Today’s holiday reading selector is Jan Zalasiewicz, who teaches geology at Leicester University. He was a guest on the very first Blackwell Online podcast, in which he told me about his book The World after Us. You can listen to the interview here. I’m hoping to interview him again this autumn when his new book, The Planet in a Pebble, appears.
Here is his summer readiing recommendation:
Holidays! It’s off to the beach or café terrace or simply that rickety deckchair in the weed-strewn garden. Now – what to pack to read? Nothing too demanding or (the Gods forbid!) improving. An adventure that rattles along with zing and charm and fun and characters you can live with. But that’s so hard to find…
There are the staples, of course, that rarely disappoint: Terry Pratchett and George MacDonald Fraser and – a personal quirk, mostly from the charity bookshop, now – the early Saint stories of Leslie Charteris, admired for their style and craft by that other old dependable, P.G. Wodehouse. But more of that ilk?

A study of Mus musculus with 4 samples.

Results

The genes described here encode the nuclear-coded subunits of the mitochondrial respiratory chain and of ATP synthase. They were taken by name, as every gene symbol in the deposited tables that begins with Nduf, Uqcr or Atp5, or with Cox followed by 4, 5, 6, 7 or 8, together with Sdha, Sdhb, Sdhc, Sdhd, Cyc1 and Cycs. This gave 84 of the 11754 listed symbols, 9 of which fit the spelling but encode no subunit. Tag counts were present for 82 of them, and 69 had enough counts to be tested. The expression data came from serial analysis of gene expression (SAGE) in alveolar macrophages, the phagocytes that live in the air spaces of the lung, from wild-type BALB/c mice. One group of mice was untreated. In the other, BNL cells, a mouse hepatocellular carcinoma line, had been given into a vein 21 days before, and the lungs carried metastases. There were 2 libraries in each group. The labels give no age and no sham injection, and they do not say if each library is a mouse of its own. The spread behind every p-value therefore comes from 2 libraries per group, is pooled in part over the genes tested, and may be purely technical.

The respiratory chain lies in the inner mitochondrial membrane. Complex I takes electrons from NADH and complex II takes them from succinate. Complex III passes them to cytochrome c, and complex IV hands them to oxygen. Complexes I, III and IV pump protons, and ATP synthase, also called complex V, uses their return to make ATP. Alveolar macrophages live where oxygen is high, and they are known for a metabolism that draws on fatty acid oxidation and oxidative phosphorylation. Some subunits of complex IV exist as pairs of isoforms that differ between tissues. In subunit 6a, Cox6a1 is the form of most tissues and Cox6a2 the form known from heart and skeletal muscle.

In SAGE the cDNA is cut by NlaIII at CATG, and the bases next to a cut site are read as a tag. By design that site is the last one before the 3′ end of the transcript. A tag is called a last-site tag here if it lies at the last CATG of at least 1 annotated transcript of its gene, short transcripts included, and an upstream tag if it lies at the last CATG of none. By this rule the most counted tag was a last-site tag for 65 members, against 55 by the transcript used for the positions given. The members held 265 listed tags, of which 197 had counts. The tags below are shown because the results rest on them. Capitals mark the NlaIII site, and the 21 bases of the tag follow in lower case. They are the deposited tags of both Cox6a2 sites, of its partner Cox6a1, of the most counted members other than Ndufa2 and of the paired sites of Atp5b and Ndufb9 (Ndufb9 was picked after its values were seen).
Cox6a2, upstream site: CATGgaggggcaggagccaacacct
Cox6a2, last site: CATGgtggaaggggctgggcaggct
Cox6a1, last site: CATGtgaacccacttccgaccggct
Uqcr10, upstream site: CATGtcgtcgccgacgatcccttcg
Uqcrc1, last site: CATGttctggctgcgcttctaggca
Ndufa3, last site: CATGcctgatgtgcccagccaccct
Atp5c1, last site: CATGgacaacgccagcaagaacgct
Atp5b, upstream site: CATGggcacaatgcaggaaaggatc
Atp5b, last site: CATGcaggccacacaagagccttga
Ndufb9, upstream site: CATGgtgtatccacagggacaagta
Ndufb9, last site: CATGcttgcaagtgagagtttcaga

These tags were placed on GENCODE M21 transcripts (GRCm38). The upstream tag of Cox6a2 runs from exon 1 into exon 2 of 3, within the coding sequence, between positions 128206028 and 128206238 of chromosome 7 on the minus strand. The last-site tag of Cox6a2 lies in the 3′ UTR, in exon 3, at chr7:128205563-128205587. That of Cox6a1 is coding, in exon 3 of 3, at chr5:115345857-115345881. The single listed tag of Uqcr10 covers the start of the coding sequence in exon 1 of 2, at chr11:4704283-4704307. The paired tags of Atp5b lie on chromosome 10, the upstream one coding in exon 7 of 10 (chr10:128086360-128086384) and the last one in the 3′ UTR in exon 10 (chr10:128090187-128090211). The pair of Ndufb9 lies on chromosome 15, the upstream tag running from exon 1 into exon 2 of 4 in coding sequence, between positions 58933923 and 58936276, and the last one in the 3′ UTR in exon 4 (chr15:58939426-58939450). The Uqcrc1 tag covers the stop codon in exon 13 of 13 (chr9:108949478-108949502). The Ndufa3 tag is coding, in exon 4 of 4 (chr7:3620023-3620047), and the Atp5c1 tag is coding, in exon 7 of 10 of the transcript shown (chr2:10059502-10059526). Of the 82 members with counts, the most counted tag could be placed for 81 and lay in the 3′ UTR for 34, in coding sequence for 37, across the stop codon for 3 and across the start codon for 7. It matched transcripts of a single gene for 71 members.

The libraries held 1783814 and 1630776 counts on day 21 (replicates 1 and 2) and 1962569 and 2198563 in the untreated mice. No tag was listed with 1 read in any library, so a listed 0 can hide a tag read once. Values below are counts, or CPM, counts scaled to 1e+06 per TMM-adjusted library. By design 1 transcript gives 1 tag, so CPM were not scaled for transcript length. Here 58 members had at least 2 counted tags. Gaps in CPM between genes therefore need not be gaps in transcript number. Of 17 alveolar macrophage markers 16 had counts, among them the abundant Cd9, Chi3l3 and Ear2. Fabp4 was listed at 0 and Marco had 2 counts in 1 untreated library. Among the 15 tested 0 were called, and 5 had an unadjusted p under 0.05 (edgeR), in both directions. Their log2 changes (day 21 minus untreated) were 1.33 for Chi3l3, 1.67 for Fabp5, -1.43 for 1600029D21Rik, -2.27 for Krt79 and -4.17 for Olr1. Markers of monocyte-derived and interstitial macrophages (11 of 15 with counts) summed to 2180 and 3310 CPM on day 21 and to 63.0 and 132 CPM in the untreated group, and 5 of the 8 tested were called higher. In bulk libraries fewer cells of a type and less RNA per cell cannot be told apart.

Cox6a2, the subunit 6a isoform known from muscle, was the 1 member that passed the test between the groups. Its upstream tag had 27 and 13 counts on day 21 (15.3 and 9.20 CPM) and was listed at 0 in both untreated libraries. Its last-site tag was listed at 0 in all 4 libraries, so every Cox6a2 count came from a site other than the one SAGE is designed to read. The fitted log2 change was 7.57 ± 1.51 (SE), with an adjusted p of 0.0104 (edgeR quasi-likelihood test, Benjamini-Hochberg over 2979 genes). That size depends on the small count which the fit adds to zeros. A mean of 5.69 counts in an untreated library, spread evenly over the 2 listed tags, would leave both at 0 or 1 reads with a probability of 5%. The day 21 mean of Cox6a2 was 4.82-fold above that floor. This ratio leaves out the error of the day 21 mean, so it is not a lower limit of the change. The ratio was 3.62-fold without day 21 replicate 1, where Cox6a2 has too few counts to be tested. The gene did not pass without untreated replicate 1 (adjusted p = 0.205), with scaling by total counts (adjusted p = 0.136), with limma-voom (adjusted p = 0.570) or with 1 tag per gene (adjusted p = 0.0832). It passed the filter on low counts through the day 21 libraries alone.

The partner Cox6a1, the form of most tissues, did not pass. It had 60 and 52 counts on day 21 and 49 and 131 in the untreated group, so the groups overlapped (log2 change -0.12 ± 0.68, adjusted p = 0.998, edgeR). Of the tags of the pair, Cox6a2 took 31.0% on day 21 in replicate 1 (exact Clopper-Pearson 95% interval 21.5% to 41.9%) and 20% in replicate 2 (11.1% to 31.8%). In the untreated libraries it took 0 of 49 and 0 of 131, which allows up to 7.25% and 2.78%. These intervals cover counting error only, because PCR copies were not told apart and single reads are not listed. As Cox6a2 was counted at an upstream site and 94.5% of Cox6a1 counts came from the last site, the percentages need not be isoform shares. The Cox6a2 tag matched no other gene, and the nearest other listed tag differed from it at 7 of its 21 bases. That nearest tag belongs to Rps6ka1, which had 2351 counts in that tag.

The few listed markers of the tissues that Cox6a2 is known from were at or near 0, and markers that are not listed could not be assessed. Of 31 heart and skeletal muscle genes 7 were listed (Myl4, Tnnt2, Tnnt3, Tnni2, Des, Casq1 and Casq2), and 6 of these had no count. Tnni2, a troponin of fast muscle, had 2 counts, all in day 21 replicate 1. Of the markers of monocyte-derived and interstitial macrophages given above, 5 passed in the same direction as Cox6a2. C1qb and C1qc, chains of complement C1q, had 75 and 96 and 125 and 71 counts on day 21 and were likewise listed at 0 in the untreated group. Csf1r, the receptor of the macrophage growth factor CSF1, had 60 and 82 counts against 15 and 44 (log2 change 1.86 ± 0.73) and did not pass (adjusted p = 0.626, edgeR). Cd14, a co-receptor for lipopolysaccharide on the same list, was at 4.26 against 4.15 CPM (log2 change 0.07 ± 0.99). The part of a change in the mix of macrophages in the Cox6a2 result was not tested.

One tries so many books, hoping for a new star to come into one’s personal firmament. But either it’s too serious, or too dull, or too clunky or clichéd, or (these days) too gruesome, with authors outdoing each other in their serial killers’ inventiveness at means to disembowel and flay. For me, thank you but no thank you.
But here’s one I lately found. The Janissary Tree, a first novel by Jason Goodwin, an engagingly Byzantine mix of history and harems, food, friendship, grue (just a soupçon, mind), politics and the mysterious requiting of love. It’s all set within the comfortably familiar frame of a nineteenth-century whodunit and I found le tout ensemble a delight.
There are sequels, too, so my spies tell me, so one can bring out the deckchair, put on the kettle and… enjoy!